Thursday, December 24, 2015

Cider Review: Good Life Cider's Barrel Rye

One of the biggest cider stories in my neck of the woods this year has to be the Finger Lakes Cider House. This shared tasting room and cider shop lays just a little way back from Cayuga Lake on Good Life Farm. When driving up to the building, you’ll see crops, geese, greenhouses, and horses, making it farmy and comfortable. Several local brands can be tasted and purchased there, but the in house brand is Good Life Cider.

Good Life Farm produces a wide range of crops on Small organic plot. Garrett Miller and Melissa Madden own the farm while the cider comes from the hands and brains of Garrett and Jimmy Miller. Don’t let that make you think that Melissa is any less a part of Good Life Cider; I can assure you that she’s involved in the whole process from apple to glass to sales and events. Good Life Cider has been selling their own commercial ciders for a relatively short time, starting just this year.

Here’s how they describe their mode of cider making.

Our ciders are distinctly American in style, which means we’re not afraid to borrow from the world of traditions and styles. Good Life Cider creatively blends international influences with a taste of the Finger Lakes through our mineral-rich, acidic apples. Our cider line ranges from tannic and dry to bright, fruit-forward and sweet; in sparkling, champagne and barrel-aged styles.  Our range is based on traditional bittersweet apples and sharp, acidic heirloom fruits.

They don't have a dedicated website but you can read about their cider on part of the Finger Lakes Cider House website:

And if you live in driving range of the Finger Lakes, I highly recommend finding The Finger Lakes Cider House on Facebook. That's where they announce cider releases, musical performers and all of their events:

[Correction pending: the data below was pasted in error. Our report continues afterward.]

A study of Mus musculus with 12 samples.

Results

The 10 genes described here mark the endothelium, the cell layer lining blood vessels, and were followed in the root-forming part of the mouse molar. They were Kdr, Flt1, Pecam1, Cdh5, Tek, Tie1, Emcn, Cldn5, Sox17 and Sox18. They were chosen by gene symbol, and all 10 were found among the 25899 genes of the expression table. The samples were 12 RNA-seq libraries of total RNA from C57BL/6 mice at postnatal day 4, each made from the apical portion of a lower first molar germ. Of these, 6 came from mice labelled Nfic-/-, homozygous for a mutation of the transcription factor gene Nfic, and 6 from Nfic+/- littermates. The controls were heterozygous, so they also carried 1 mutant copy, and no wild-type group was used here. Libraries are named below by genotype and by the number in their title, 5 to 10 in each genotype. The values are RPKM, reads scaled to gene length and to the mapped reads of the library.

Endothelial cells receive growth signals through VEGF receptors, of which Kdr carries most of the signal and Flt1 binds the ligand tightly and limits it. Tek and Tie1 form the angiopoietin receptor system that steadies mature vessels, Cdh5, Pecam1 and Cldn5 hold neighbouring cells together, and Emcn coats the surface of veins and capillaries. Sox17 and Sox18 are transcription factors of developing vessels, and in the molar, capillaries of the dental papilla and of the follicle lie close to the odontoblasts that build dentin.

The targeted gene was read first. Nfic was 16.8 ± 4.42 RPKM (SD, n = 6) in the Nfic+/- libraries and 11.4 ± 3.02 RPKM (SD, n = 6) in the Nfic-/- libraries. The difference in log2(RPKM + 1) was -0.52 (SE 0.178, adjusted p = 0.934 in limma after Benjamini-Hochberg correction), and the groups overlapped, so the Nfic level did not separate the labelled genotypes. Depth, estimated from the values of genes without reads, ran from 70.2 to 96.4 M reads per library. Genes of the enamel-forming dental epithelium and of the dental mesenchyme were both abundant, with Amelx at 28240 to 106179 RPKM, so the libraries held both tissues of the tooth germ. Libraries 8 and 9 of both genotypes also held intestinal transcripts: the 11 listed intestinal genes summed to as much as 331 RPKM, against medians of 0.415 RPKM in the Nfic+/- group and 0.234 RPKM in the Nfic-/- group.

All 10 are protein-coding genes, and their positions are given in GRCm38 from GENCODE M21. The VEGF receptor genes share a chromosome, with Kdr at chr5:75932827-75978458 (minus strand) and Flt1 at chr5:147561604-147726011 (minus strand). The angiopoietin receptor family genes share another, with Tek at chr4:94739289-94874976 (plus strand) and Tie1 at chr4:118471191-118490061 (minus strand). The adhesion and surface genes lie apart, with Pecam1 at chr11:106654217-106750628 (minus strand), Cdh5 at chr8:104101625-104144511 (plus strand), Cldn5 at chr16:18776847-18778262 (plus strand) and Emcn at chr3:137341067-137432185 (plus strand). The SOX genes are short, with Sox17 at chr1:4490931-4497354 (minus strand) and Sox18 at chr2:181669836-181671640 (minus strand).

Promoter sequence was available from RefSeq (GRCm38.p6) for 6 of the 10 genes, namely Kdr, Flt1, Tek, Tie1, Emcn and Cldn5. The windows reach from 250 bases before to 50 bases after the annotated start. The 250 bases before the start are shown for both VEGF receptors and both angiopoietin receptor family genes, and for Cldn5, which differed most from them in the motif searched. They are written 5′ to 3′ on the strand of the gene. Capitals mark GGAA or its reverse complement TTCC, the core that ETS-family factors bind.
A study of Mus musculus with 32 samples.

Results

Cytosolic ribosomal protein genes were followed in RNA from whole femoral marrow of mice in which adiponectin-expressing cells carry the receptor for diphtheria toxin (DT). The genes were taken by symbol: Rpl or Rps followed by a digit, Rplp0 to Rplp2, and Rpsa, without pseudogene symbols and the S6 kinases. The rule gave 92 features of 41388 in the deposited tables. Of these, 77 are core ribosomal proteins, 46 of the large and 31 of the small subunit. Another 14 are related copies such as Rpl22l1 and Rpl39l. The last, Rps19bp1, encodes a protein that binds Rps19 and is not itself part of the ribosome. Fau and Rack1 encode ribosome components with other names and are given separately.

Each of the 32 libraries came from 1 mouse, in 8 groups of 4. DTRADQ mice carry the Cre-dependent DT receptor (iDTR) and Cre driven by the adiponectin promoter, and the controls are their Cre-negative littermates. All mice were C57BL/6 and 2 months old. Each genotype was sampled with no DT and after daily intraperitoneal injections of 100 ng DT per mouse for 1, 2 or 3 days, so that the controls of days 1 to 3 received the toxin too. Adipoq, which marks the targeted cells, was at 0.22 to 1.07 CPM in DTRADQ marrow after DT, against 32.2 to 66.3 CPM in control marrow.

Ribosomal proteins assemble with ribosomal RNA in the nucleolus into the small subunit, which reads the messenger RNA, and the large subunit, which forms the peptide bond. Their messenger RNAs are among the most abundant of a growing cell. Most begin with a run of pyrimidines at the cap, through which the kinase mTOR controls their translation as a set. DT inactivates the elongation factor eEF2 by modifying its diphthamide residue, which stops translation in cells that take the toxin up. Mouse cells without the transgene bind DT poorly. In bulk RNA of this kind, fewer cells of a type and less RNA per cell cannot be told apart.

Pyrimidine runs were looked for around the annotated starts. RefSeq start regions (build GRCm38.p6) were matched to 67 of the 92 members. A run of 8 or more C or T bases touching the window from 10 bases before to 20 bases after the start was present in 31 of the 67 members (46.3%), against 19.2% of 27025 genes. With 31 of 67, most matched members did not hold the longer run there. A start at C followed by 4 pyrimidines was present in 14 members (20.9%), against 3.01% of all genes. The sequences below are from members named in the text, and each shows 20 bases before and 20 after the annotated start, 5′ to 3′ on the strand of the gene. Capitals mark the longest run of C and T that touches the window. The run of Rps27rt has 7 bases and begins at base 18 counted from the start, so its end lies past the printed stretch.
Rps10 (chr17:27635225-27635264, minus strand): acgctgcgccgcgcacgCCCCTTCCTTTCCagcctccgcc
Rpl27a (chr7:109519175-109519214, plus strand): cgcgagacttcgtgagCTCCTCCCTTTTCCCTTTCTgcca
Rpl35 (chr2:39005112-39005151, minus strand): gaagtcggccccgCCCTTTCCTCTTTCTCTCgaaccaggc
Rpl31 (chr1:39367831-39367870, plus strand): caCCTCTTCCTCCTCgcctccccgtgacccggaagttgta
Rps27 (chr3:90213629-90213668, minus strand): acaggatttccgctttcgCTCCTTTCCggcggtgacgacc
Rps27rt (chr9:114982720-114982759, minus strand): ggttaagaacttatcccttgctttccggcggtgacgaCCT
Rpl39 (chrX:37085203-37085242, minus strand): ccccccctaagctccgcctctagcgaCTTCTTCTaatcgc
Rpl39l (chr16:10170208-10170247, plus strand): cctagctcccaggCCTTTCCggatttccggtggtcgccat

Today's cider is their Barrel Rye. While I could not find much information about the process going into this cider, here's what I could find on the back of the bottle.

The Barrel Rye bottle says "Pair this cider with a friend." What a lovely sentiment. Here’s the whole description.

 “Buttercream with a backbone. Oak and smoke and shalestone. Pair this cider with a friend.”

“Good Life Cider is a family of farmers and cider makers. Hard working dreamers touched by more than a little madness. Our focus is the growing of a living soil, to feed a wildly diverse ecosystem of fruits, animals, microbes and ideas. We are increasing in resilience, diversity, and health each day. Come visit us. Learn more:”

Aside from this sounding a bit more like health and farm evangelism than like most cider bottles, I can appreciate the sentiment and it does resemble what one sees on a visit to the Finger Lakes Cider House.

More interesting to me is their graphic of a sweetness to dryness scale, with the particular cider’s spot indicated by an adorable bee. This cider shows up at nearly dry on that scale.

Appearance: clear, almost no visible bubbles, golden

The color is more like a deep flaxen hue but still brings a warm tawniness to mind. In terms of clarity this is clear leaning into hazy, but that’s not uncommon with barrel-aged ciders. I can see almost no bubbles, but that doesn’t mean they aren’t there.

Aromas: grain, booze, wet fruit

The first smell, I notice reminds me of when I toured a bourbon distillery with my grandma. I loved that warm mash smell that marries graininess and barrel. With the Barrel Rye I also smell lots of wet fruit like apple and peach. Last of all there’s a note of caramel to the assembly that I look forward to tasting. 

Dryness/sweetness: semi dry

I find this a bit more semi-dry than the little bee told me that I would, but that is often the case when I see similar indicators on wine bottles. The Barrel Rye’s semi-dry is complicated by really nice dark and light notes at the same time.

Flavors and drinking experience: coconut, acidity, clementines, barrel

I enjoy this cider’s bright acidity with caramel oxidation. In terms of specific flavors, I can taste maple, lots of coconut, and sweet clementine. Booziness lingers with a low bitterness comparable to grapefruit. The Barrel Rye is both mellow and complex. All of us tasting around the table found it really really good.  

In terms of texture, the Barrel Rye is enhanced by many light small bubbles. When drinking, big sips reveal an oakiness that borders pleasantly on funk.  What's really impressive is how clear all of its disparate notes are. This cider is complex but not muddy. That alone is an accomplishment and overall, I find it drinkable and lovely.

And this is the cider to wrap up in and wrap up on for 2015. For my next post, look for my top ten ciders of 2015. I look forward to sharing that with you just before the New Year. Happiest, bubbliest, and tastiest of holidays to you!